A British report on what it calls a "jaw-dropping" decline in fertility rates around the world are no surprise to Hamilton-based demographer, Dr Natalie Jackson.
Researchers at the University of Washington's Institute for Health Metrics and Evaluation showed the global fertility rate nearly halved to 2.4 in 2017 - and their study, published in The Lancet, projects it will fall below 1.7 by 2100.
As a result, the researchers expect the number of people on Earth to peak at 9.7 billion around 2064, before falling to 8.8 billion by the end of the century.
And 23 nations, including Spain and Japan, are expected to see their populations halve by 2100.
Countries will also age dramatically, with as many people turning 80 as there are being born.
The fertility rate - the average number of children a woman gives birth to - is falling. If the number falls below approximately 2.1, then the size of the population starts to fall.
In 1950, women were having an average of 4.7 children in their lifetime.
Jackson tells Jesse Mulligan about the decline has been predicted for many years and governments have started to take notice, as tax revenue and pensions, for example, depends on a healthy working population.
“World population is growing and will continue to grow until about the end of this century, but the growth rate is slowing because the birth rate per woman is falling and we’ll also got this longevity at old age…As the older population begins to succumb we’ll see higher crude death rates across the world while the death rates keep going down.”
Several European countries are already experiencing a falling birth rate and the news isn’t new, but awareness of it is growing. China’s population is expected to peak at 1.4 billion in 4 years’ time, but by the end of the century it is projected to have only 732 million people.
“We’ve been on an incredible growth phase, that started in 1962 and that population growth rate has been slowing,” she says.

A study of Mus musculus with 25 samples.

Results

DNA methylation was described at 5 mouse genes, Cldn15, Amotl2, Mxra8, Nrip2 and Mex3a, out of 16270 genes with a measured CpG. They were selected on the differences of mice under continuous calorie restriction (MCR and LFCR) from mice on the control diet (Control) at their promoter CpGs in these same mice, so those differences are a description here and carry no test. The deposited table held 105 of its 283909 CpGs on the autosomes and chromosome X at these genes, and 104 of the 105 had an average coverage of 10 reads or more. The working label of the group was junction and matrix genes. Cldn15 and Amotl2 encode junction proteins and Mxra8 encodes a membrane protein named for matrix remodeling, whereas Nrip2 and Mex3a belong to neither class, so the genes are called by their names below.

The population boom came down to better science and universal health care arresting child mortality rates. The population fall has little to do with sperm counts, and instead is being driven by more women in education and work, as well as greater access to contraception and the decision to have fewer children.
“The pressure is on young families today to have both partners working. A lot of people desire to have two, three or four children but when they hit one or two the reality of juggling all of that and going to work and coming home at night exhausted and trying to be fresh and bright for your children, it actually makes people think twice about it,” Jackson says.
The inverted age structure of populations – having more old people than young – presents challenges to governments to intervene and make structural changes to the economy.
“When you’ve got a third of the population over the age of 65 – and where I live in Thames-Coromandel we’re already at that - these populations have more demand for the type of resources and services and facilities for older populations and at the same time you haven’t got very many people in the working-age populations.”
Jackson says Government policy must be informed at all levels by these figures and make provision for a change in the way society operates.
“Other countries are doing these already. Many European countries have been looking at population decline and looking at how they’re doing to change rate revenue gathering, taxation, how they’re going to fund health systems.
“Here in New Zealand our birth rate is down 1.73 per woman, so very below the 2.1 you need to replace each generation. We’re only skirting around the edges as to what changes are going to have to be.”